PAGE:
Adelaide and Beatrice were taking a break from their work when Gwendolyn brought a thick filing folder out to them. The three had been working under the Professor’s guidance for a little over a month and had already helped him write two small, published works. “Look at this. This is an old project Professor had in his files. I found it while he and I were sorting through his old boxes of papers. He’d started some work on it but… well, it wasn’t long after that he quit and came here. Read the old poem and tell me what you think.”
Aye, dragoness, tho dull with sleep, I ken why ye did abide.
'Tis fearful that like as thee be known soft hearted to a human hide.
My armor I shall lay aside, my former arts retire.
Bold silvered knight I shall be no more
For I've warmed by a dragon's fire.
Thy secret shall ne'er escape these lips nor be writ to ary tome.
Save only upon my heart thy words shall lie as precious stone.
I shall not seek nor call for thee
Nor make on thee ary claim
But may some night ye come as I sleep and whisper to me thy name.
'Tis all I ask of thee, this thing, and that on one night ye wake me.
That on the night that I shall die a tear in thine eye I may see.
The two took a minute to read it over and then Adeliade said, “Huh. It’s weird. Some of it makes sense but… the rest… the parts about a dragon?”
“Seems like silliness, doesn’t it?” Gwendolyn looked at the two as if revealing a conspiracy. “But, according to the old report, this was extremely well hidden and protected from weather. That suggests there was something important about it.”
“It wasn’t just scribbled either,” Adelaide admitted. “That photo looks like the manuscript was carefully formatted and written.”
Gwendolyn smiled; she had their interest. “Yep. The article’s authors concluded the dragon was actually some important Lady at court but… the rest of the poem doesn’t make sense that way. The only way all the lines make sense, all hang together, is if you assume it was written about a dragon. A literal fantastical creature.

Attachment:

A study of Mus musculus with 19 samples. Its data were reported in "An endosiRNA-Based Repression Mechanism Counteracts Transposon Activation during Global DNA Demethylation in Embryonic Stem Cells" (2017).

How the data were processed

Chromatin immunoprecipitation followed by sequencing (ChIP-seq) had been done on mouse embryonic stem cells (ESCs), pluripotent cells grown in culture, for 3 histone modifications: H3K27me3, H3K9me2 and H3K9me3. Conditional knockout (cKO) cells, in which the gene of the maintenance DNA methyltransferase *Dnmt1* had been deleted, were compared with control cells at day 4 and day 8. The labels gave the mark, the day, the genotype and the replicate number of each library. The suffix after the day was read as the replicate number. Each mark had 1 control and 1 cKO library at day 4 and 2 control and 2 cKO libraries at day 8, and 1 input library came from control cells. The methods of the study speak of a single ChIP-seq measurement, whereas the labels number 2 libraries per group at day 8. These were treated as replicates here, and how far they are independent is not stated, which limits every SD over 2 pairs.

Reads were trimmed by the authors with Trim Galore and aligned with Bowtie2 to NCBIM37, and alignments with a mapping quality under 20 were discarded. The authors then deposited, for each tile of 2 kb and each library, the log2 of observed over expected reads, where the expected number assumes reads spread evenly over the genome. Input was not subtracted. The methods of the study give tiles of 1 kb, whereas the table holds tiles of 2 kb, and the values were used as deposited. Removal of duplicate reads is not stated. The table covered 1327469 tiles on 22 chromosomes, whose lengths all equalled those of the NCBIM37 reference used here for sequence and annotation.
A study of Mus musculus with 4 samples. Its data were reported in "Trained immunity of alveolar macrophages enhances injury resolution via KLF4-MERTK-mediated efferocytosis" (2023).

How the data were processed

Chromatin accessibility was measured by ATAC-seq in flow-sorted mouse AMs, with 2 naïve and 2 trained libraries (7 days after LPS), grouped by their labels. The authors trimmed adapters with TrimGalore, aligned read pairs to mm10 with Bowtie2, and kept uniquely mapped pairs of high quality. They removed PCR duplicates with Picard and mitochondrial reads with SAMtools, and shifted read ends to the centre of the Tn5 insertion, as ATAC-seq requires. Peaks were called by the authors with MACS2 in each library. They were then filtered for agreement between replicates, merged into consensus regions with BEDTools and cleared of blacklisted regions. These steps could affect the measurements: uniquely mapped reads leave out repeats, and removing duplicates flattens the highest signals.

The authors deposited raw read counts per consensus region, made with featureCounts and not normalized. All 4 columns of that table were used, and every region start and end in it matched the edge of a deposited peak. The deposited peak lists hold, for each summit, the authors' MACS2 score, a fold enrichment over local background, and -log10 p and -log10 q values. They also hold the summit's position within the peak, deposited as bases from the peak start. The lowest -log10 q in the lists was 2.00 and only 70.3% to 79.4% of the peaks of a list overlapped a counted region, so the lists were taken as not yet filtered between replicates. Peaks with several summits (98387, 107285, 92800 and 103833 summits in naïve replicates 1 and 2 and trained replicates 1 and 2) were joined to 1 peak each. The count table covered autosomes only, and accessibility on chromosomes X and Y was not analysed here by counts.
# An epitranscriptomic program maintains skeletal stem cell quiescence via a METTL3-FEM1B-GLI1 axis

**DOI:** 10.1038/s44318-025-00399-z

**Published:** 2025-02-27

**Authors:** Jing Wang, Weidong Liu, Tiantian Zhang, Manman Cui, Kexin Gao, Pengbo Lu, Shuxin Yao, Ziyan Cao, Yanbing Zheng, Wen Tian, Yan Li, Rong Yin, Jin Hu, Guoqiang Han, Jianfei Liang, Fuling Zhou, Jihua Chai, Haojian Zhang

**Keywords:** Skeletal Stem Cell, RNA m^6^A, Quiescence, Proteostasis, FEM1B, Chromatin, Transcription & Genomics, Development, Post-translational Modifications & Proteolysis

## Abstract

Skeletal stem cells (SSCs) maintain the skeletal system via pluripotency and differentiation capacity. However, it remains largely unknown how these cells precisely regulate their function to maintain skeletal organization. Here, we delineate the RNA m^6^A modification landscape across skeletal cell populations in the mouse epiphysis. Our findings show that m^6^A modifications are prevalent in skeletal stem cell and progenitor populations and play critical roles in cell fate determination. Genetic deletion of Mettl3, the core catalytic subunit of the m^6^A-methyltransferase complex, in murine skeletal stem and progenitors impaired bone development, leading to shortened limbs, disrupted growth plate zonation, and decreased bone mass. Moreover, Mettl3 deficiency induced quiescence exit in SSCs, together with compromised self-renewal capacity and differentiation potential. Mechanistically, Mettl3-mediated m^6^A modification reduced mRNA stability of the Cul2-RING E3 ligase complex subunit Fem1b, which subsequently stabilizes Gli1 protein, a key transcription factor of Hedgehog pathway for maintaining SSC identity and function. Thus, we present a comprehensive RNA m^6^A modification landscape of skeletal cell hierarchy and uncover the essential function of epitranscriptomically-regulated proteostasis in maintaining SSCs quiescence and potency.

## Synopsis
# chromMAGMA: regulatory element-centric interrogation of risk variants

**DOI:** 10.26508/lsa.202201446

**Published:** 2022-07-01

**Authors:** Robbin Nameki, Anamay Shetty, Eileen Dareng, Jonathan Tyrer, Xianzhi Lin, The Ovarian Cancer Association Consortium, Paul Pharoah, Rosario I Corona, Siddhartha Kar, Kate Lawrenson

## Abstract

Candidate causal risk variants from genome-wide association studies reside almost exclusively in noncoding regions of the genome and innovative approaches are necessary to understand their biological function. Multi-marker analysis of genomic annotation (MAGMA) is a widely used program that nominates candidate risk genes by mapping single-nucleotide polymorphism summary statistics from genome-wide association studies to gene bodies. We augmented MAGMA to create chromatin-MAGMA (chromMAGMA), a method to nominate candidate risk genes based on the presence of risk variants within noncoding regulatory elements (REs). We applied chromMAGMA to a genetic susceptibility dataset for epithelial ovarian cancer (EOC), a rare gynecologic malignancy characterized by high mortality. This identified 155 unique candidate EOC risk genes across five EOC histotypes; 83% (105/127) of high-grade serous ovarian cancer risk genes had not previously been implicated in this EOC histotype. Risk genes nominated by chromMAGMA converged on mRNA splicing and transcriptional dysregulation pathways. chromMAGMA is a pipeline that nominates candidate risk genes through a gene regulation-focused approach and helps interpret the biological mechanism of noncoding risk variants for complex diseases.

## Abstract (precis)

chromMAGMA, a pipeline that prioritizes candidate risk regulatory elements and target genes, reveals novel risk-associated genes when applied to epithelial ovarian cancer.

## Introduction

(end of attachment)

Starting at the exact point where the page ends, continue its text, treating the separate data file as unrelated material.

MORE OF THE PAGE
Adelaide raised an eyebrow. “Or maybe someone who called themselves a dragon.”
Beatrice shook her head. “No. If it were an important personage, wouldn’t the writer have known their name? Sure they would! Yet the… tenth line asks to someday learn her name.”
Gwendolyn patted Beatrice on the head, approvingly. “Good girl! Apparently there was at least one person in the old studies that noticed the same things. Professor said it was his ancestor. That’s how we have this original copy of journal; it was handed down. I think he meant to someday resurrect this. Maybe support the ancestor’s work somehow. Anyway, the original manuscript itself was destroyed in London during a bombing raid. The entire building was burned out.”
“Second World War?” Beatrice asked.
“First,” said Gwendolyn. “All the journal’s records and equipment were lost. After the war, it never resumed publication. Many of the staff were casualties in the trench warfare. Then right after the war, the Spanish Flu swept over everywhere leaving twice as many more dead. The journal, the manuscript, it was all forgotten.”
“Everyone was too busy rebuilding,” Beatrice said, quietly.
Adelaide tapped her nails on the table for a few seconds and then gave the other two a conspiratorial grin. “Why don’t we take a run at it, just us three, and then take it to him to see what he thinks of it?”
“I hoped you might say something like that,” Gwendolyn said.